Can i use Network Manager to connect to multiple networks so they can share the load?
Maybe you want Load Balancing. There is a good program called Crossroads: http://crossroads.e-tunity.com/index.xr
If you want a list of similar programas i have an extract here from http://linuxpoison.blogspot.com/2008/09/opensource-load-balancing-software.html
- Modern software IP load balancing solution. It is small, fast, and easy to use and setup. It offers session persistence, different distribution methods (Round Robin, Random, Weighted Random, Least Session, Least Bandwidth, Hash, Agent, and Randomized Agent) and a customizable UDP health check agent in source code. It supports VRRP to set up high availability configurations on multiple nodes. It supports SNMP, integrating the BALANCENG-MIB with Net-SNMPD. It implements a very fast in-memory IP-to-location database, allowing powerful location-based server load-balancing.
- High-performance and highly-robust TCP and HTTP load balancer which provides cookie-based persistence, content-based switching, advanced traffic regulation with surge protection, automatic failover, run-time regex-based header control, Web-based reporting, advanced logging to help trouble-shooting buggy applications and/or networks, and a few other features. Its own event-driven state machine achieves 20,000 hits per second and surpasses GigaEthernet on modern hardware, even with tens of thousands of simultaneous connections.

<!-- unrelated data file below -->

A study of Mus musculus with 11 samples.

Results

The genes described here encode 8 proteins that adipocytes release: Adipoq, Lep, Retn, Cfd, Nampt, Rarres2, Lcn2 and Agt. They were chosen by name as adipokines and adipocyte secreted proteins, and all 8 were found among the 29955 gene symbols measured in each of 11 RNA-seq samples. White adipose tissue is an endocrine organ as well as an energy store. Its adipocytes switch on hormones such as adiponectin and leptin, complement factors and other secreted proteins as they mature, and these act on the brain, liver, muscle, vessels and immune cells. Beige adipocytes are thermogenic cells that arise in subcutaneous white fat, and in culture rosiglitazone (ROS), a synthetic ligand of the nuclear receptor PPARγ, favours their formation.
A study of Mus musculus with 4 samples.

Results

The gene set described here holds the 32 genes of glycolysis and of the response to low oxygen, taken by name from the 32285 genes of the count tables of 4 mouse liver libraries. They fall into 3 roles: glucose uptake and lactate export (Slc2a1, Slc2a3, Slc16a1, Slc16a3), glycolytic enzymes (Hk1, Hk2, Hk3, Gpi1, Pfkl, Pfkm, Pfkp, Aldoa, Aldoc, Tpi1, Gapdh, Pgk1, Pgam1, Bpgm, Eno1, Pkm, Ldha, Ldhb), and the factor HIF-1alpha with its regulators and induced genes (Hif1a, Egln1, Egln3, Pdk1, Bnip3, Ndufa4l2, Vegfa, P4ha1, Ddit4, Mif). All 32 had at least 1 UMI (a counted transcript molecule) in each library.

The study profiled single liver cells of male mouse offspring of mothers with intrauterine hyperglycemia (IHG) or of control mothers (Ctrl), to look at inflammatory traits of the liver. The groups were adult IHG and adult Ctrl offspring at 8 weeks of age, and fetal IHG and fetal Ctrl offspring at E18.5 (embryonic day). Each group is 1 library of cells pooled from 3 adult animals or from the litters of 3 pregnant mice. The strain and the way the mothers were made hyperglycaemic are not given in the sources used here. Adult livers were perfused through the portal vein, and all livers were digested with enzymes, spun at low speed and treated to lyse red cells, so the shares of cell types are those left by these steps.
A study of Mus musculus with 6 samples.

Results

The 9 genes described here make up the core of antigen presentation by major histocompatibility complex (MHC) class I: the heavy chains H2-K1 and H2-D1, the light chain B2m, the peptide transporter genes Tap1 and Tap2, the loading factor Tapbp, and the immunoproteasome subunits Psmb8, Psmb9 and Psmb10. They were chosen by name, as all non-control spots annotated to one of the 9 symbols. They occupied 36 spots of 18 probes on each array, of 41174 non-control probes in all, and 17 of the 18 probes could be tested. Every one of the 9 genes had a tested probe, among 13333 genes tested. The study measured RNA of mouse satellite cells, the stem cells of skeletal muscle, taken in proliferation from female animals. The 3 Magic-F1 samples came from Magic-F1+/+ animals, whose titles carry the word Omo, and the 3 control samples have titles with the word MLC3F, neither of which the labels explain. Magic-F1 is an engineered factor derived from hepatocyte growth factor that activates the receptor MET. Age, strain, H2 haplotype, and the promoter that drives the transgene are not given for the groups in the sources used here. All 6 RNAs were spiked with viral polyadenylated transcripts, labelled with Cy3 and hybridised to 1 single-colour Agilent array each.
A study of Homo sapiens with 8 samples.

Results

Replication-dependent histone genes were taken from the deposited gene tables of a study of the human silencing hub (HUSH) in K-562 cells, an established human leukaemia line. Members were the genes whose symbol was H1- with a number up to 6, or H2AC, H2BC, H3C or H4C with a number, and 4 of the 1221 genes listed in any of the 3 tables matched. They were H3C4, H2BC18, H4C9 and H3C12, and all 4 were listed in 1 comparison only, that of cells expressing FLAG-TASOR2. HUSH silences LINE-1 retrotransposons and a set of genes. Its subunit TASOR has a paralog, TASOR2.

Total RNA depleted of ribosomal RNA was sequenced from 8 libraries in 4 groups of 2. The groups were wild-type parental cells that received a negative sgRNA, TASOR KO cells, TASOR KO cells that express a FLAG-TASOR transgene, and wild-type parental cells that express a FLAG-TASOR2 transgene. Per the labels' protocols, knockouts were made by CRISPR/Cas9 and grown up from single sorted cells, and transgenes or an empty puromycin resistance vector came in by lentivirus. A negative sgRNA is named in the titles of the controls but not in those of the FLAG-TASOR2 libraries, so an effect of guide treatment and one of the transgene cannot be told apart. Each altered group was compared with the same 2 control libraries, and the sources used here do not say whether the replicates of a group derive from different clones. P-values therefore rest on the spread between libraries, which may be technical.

Crossroads Load Balancer: http://crossroads.e-tunity.com/
Daemon running in user space, and features extensive configurability, polling of back ends using wake up calls, status reporting, many algorithms to select the 'right' back end for a request (and user-defined algorithms for very special cases), and much more. Crossroads is service-independent: it is usable for any TCP service, such as HTTP(S), SSH, SMTP, and database connections. In the case of HTTP balancing, Crossroads can provide session stickiness for back end processes that need sessions, but aren't session-aware of other back ends. Crossroads can be run as a stand-alone daemon or via inetd.
Note my awesome posting ability. Anyway here you can see the most updated (Still updated) and have documentation on how to do things.
Yes you can theoretically connect to multiple networks, but you need at least one network interface per network you want to connect to.
So, for example, if you have two wireless network interfaces and one Ethernet interface, then you would be able to connect each of those wireless network interfaces to a wireless network and the Ethernet interface to a wired network.
However, I think that Ubuntu chooses the first interface (most often the Ethernet interface if it is connected) and uses it by default instead of spreading traffic evenly.